Here are four basic ingredients that you have to think about when creating characters for your story. They seem surprisingly obvious and simple, but even Hollywood messes these up on a regular basis – so don’t take them too lightly. This list is based on a lecture that USTAR Professor Craig Caldwell held at the FMX conference.
What is it that your character has experienced that led them to become who they are at this point in your story? It includes everything that they’ve lived through or been taught, their changing (or stable) environments, and the things they learned (or thought they learned) throughout the years. Would you deny that your history is a part of you? Well, this is just as true for your characters. One main attribute is not enough to define a character.
What is it that your character is fighting with? Everyone has weaknesses, struggles, inner demons, fears, or other such challenges they wish to overcome. If you don’t provide some kind of internal conflict, you may find your character looking rather wooden or one-dimensional. Keep in mind, it doesn’t have to necessarily be a core story element or even something that is known to the audience – for the longest time, only JK Rowling and Alan Rickman knew about Professor Snape’s true inner struggle, but it was important information for him to properly portray his character, even in situations that had nothing to do with the conflict itself.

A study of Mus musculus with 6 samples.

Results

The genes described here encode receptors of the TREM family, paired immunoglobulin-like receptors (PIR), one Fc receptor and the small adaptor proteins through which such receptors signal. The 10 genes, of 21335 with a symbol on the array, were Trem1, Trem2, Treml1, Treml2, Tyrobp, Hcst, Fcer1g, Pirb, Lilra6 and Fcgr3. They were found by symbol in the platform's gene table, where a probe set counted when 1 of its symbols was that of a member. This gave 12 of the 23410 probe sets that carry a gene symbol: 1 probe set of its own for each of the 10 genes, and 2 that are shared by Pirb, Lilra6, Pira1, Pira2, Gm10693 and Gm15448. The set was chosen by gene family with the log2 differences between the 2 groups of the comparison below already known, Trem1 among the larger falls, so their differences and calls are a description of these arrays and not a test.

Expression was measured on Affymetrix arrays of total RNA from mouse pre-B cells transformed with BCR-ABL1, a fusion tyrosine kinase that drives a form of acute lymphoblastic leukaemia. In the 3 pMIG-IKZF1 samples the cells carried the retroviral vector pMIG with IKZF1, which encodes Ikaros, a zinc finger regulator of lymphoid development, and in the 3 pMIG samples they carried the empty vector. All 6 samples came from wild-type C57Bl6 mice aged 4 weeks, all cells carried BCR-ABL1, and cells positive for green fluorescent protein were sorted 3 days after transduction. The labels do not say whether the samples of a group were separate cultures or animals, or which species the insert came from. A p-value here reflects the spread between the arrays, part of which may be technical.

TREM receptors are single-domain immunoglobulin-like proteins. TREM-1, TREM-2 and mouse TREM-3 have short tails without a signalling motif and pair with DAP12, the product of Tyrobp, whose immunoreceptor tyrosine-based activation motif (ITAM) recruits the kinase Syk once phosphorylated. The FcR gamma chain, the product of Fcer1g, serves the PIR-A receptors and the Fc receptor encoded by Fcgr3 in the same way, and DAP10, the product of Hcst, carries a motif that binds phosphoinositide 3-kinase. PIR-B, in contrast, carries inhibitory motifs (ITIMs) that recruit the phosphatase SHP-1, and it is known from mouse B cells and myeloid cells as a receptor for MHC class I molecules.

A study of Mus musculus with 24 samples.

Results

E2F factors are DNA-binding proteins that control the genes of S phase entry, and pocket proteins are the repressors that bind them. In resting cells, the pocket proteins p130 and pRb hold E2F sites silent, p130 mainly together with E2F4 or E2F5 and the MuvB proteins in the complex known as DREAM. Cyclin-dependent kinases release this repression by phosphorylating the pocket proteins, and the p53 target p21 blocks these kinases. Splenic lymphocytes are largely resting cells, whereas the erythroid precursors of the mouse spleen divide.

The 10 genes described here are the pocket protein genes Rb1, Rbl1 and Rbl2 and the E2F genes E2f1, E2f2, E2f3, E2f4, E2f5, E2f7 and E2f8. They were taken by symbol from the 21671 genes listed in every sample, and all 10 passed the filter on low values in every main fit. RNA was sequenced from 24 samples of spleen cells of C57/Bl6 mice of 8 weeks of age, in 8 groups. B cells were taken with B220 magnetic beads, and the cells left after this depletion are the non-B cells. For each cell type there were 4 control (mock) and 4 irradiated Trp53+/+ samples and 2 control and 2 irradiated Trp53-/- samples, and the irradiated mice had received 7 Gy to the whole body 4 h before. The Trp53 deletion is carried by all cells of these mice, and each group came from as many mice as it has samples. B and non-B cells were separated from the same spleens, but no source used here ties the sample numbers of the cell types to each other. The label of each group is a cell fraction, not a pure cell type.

This is the person or force that stands in your character’s way of accomplishing his or her goals. This may seem pretty ‘writing 101’, but if your protagonist doesn’t have something standing in their way, if they can just go out and achieve their dreams without friction, then you really haven’t got a story to tell. I’m not going to go into detail about how to write a good pro- and antagonist here – that’s something for a different article. Important to know is simply: the antagonist could be a person who tries to hinder the protagonist in his/her goals or a force that gets in the way – maybe a part of their own internal conflict, or perhaps a string of bad weather or other unfortunate circumstances. You may not think of an antagonist as something that really “defines” a character in the sense that the previous two elements do, as those are clearly always personal attributes. However, it is important that, as the author, you know how your character will react to adversity, as well as what things could provide such adversity for the character in the first place.
How does your character develop throughout the story? If your character doesn’t learn from their adventures, their conflicts, their encounters with others, or if they don’t change the world around them, then what exactly is your story about? Static characters are simply uninteresting and the overall story will generally suffer from that. I say ‘generally’ because of course, rules can be broken. Sometimes characters that refuse to see the error of their ways or who remain clueless or even unphased by the journey and challenges they face may actually provide a refreshingly contrasting element to the overall story. (More about character arches in an upcoming article)
This was the first of many notes from the FMX 2016. I hope you enjoyed it. Check back in the coming weeks, or sign up for our newsletter to get the rest of these wonderful tips from media experts!